GST: Who has the better argument?

Selena Tay | May 3, 2014

GST will not solve fiscal problems but in fact will make it worse.

More than 50,000 people turned up for the anti-GST rally held on May 1 recently. This columnist who took the KTM Komuter train to KL had met up with a few members of the PAS Women’s Wing and joined them for the rally.

All these women opined that they opposed the GST (Goods & Services Tax) for the simple reason that goods will cost more after GST is implemented on April 1 next year.

The BN federal government relied on its 133 majority in parliament to push through the GST and gave two arguments for backing up the same.

The first argument was that GST will not hurt the rakyat because it replaces the Sales and Service Tax (SST) which has the higher rate of 10% whereas GST is only at 6%.

Furthermore, they claimed that under the current SST system, there are two types of taxes, the 10% tax and the 6% tax which will overall total up to 16%.

This argument is a fallacy as not many people pay the SST on a regular basis as it is implemented in upmarket restaurants and hotels only, whereas GST will tax the poor on a daily basis due to many more goods falling under the jurisdiction of the GST.

In actual fact, under the GST everything is taxable unless exempted, unlike under SST wherein everything is exempted unless taxable. See the great difference?

The World Bank in a paper entitled ‘Value Added Taxation: Mechanism, Design and Policy Issues’, in acknowledging that VAT (GST) is inherently regressive, stated that attempts to reduce it through exemptions and zero-rates have proven ineffective.

This is simply because it is impossible to do so as one cannot segregate food, goods and services consumed by the poor from those consumed by the rich.

Of course the poor will go for the cheaper toothpaste, for example, but the toothpaste will still have the GST imposed on it.

This means that under GST even the poor will be taxed (although they are excluded under SST) and this certainly will make the poor much poorer as their daily purchases will be taxed.

Rising debt levels

The second argument put forward by the BN federal government in support of the GST was that 160 countries have adopted GST and therefore it must be good.

This is yet another fallacy as countries that have to be bailed out as well as those verging on the edge of financial collapse all have GST. Among these countries are Greece, Portugal, Spain, Italy and Ireland.

Prior to the 1960s before the introduction of GST, these European countries had debts on a percentage of GDP (Gross Domestic Product) below that of USA who does not implement GST.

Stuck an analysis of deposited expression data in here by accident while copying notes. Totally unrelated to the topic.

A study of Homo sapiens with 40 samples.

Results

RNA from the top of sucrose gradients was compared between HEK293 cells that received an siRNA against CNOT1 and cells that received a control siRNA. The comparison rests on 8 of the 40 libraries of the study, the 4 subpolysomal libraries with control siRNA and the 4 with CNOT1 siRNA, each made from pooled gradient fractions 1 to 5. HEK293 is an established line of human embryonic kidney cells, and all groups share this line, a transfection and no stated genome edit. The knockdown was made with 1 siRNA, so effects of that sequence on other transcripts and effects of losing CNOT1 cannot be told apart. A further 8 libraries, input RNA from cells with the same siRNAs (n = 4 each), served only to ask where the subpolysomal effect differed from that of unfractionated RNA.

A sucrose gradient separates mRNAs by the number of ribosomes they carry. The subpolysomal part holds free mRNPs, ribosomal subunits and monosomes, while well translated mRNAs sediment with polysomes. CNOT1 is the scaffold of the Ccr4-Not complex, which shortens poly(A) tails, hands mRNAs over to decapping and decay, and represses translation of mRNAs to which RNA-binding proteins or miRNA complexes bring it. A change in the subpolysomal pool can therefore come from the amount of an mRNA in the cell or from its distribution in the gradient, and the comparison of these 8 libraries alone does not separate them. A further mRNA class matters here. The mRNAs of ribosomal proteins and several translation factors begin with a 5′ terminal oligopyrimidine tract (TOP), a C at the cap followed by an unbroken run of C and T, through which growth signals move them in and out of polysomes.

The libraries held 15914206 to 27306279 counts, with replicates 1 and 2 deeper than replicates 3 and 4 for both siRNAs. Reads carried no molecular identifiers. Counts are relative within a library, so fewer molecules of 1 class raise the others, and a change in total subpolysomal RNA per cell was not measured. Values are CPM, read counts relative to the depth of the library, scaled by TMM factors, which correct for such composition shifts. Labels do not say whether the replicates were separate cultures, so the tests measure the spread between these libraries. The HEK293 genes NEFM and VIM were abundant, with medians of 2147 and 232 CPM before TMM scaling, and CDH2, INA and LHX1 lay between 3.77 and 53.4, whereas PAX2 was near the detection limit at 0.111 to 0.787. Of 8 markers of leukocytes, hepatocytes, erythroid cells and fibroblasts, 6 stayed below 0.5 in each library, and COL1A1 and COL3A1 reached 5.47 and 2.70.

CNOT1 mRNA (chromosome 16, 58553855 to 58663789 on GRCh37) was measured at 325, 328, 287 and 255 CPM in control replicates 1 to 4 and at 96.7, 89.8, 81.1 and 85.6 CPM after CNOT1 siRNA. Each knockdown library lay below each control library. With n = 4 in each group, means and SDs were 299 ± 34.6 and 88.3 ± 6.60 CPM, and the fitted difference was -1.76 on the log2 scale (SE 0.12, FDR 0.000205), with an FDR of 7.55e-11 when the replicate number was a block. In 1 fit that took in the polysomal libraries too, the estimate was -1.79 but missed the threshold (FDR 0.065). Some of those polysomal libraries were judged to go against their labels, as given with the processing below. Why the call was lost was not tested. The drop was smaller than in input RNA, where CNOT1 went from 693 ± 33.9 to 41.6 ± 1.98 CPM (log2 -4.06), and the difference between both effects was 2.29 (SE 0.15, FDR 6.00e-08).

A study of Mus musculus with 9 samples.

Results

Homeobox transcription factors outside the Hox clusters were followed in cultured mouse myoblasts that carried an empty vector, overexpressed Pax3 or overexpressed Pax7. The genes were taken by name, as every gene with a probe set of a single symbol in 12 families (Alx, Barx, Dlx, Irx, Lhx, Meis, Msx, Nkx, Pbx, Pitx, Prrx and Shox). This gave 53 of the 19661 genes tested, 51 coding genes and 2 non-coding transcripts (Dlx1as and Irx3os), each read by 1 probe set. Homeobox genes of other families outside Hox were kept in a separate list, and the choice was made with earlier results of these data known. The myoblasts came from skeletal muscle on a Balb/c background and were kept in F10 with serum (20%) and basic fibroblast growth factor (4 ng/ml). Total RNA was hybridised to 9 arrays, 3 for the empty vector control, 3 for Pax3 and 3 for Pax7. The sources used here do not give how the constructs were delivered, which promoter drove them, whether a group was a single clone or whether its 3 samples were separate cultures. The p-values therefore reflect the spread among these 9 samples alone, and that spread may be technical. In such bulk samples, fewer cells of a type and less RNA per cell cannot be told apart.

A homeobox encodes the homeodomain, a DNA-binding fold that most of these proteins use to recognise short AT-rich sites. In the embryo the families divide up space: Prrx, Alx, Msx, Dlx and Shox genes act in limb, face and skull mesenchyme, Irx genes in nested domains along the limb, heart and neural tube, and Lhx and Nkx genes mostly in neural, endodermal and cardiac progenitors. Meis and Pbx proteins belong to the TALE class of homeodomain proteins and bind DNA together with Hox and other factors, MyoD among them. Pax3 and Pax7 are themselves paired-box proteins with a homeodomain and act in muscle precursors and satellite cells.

Since the introduction of GST, these European countries with the exception of Spain has a higher debt level than the USA.

According to the International Monetary Fund (IMF), the public debt of the USA is 106% of its GDP, Greece is 158%, Portugal 123%, Ireland 117% and Italy 126%.

Even the Asian Tigers such as Japan and Singapore have a higher debt level than the USA with Japan is at 208% and Singapore at 111%. Clearly GST has not helped in reducing these countries’ debt level.

Therefore the warning of Milton Friedman rings true: “In the long run, the government will spend whatever the tax system will raise, plus as much more as it can get away with.”

Thus GST will not solve fiscal problems but in fact will make it worse. In addition to that, many countries have increased the GST rate after its inception. When this happens, the poorer citizens will be burdened more and this will lower public consumption as these people struggle to make ends meet.

Based on the experience of the 10 largest countries that had adopted the GST, the average GST rate has risen from 10.7% at inception to 16%, an increase of more than 50%.

For GST to generate higher revenue, a combination of base broadening and rate hikes will have to be considered. This is the norm as all governments typically prefer to allow a higher spending than making the difficult decision to cut expenditure.

This means that the more the government collects from the rakyat, the more they will spend on what is collected instead of being prudent in spending and saving up by curbing wastages, leakages, corruption and cronyism.

The more the government has, the more they will be spendthrift so our effort in paying GST is all wasted.

The rakyat must not forget that while the SST is a tax paid at the level of the final production or supply of services, GST is payable at every level of the supply chain and finally borne by us, the consumer and GST as mentioned earlier applies to many more goods and services compared to the SST.

At the end of the day, we will be burdened more while the government can still continue to simply spend. Looks like terrible times lie ahead. And this GST too will be added on to the current price hikes going on.

Selena Tay is a DAP member and an FMT columnist.